Cars are really expensive in Singapore, but motorcycles, relatively less. And there’s no denying motorcycles are a thrilling and affordable way to get around on Singapore’s congested roads.

Here’s your starter’s guide on how to own a motorcycle in Singapore.

Where to get a motorcycle license in Singapore 

Class 2B is the basic motorcycle license you can get in Singapore, which entitles you to ride bikes of up to 200cc in capacity. You can only get your Class 2B licence from one of the following driving schools in Singapore:

Most people tend to pick the school that is located closest to their home, school or workplace. However, other factors may come into play, such as the school’s fees and passing rate. 

To progress to the next stage and get to ride bikes of up to 400cc, you would need to enrol for the Class 2A class one year after you have obtained your Class 2B licence.

And finally, to be able to ride all bikes (including that coveted Harley), you will need to enrol in a Class 2 course. This would have to be a year after you’ve gotten your 2A licence.

All three driving centres here follow a similar syllabus, which entails:

  • Theory lessons: You’ll need to attend these before you can take your Basic Theory Test and Riding Theory Test. 

  • Practical lessons: You have to go through all the obstacle courses in the circuit training (such as the plank, slalom, crank course, figure 8, and e-brake), before you can ride on the road.

Motorcycle insurance in Singapore

The dangers of riding a motorcycle are real. In addition to riding safely and taking precautions such as wearing protective gear, being covered by motorcycle insurance is of utmost importance. As with driving a car, you would need to purchase insurance before you hit the roads in Singapore. There are three types of motorcycle insurance you can consider based on your needs

This is the most basic and cheapest type of motorcycle insurance you can get on the market. This type of plan is offered by most insurers and meets the minimum legal requirements for riding a motorcycle under Singapore law.

TPO only covers your liabilities for damage or injury/death caused to others and their property — that is, if you hit and injure a pedestrian or knock down a gantry while riding your motorcycle. Any damage to your own motorcycle is your responsibility.

TPFT is largely the same as the TPO, but includes some extra coverage, such as payouts in the very specific instances of fire or theft of your motorcycle.

This is the highest level of motorcycle insurance you can get. It covers your liabilities, plus any damage to your motorcycle.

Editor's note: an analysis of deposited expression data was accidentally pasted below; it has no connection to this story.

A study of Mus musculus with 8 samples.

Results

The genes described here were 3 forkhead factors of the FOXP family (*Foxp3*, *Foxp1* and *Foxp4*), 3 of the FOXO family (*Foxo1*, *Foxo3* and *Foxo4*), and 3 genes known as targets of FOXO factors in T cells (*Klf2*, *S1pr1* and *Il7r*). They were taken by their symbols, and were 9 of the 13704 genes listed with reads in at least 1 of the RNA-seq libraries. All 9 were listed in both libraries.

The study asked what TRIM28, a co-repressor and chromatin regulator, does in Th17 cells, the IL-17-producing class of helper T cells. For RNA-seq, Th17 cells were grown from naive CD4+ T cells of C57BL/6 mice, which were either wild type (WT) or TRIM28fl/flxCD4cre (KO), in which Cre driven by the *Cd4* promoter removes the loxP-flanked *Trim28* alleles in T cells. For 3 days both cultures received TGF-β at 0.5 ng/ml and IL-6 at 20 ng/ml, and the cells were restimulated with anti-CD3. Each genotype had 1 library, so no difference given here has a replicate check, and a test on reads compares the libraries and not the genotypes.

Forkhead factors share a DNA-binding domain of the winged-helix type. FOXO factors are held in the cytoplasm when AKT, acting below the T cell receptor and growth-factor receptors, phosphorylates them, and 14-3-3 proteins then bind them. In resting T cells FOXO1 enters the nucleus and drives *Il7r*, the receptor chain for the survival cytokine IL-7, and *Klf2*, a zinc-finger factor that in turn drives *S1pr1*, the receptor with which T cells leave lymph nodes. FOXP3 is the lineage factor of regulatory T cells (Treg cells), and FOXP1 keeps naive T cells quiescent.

Depending on the plan you choose, there could also be additional features such as personal accident coverage for the rider.

Besides vehicle accidents, your motorcycle may also receive protection against vandal damage, and “acts of God” such as flooding and falling trees.

Motorcycle COEs have hovered above the $7,000 mark for most of 2020. This is up significantly from the price of around $3,000 for most of 2019.

In spite of the significant increase in COE prices, owning a motorcycle is still very much cheaper than owning a car.  The COE for Category A (for cars up to 1600cc and 97kW) is $36,534 at the time of writing (Oct 2020). 

Price of motorcycles in Singapore 

You can purchase either a brand new motorcycle from a dealer or get a second hand one from a dealership or direct seller on platforms such as Carousell. Here are some of the popular dealerships you can check out

Need some recommendations for your very first 2B (200cc) motorcycle? Here are some of the recommended 2B models for newbies, as well as the prices you can expect the dealerships to quote you:

BikeTypeIndicative Price 
Yamaha YBR 125Small cruiser designed with impressive performance and attractive appearance.$13,600
Honda CBR150RSport bike.$15,500
Yamaha FZ 16All rounder bike, good looks, fuel efficient, basic maintenance.$13,580
Honda MSX 125Designed to accommodate teens and mid-dimension riders.$15,000
Bajaj Pulsar 200Fuel efficient commuter bike.$15,400
Yamaha NMax 155Lightweight scooter.$13,900
Yamaha Tricity 125Three wheeler.$14,451
KTM 200 DukeLight and agile, one of the most wanted 200cc bikes on the market.$20,500
Honda CPF150Delivers ample power and generous torque.$14,400

These prices are inclusive of the COE price.

All ready to own a motorcycle now? Ride safe!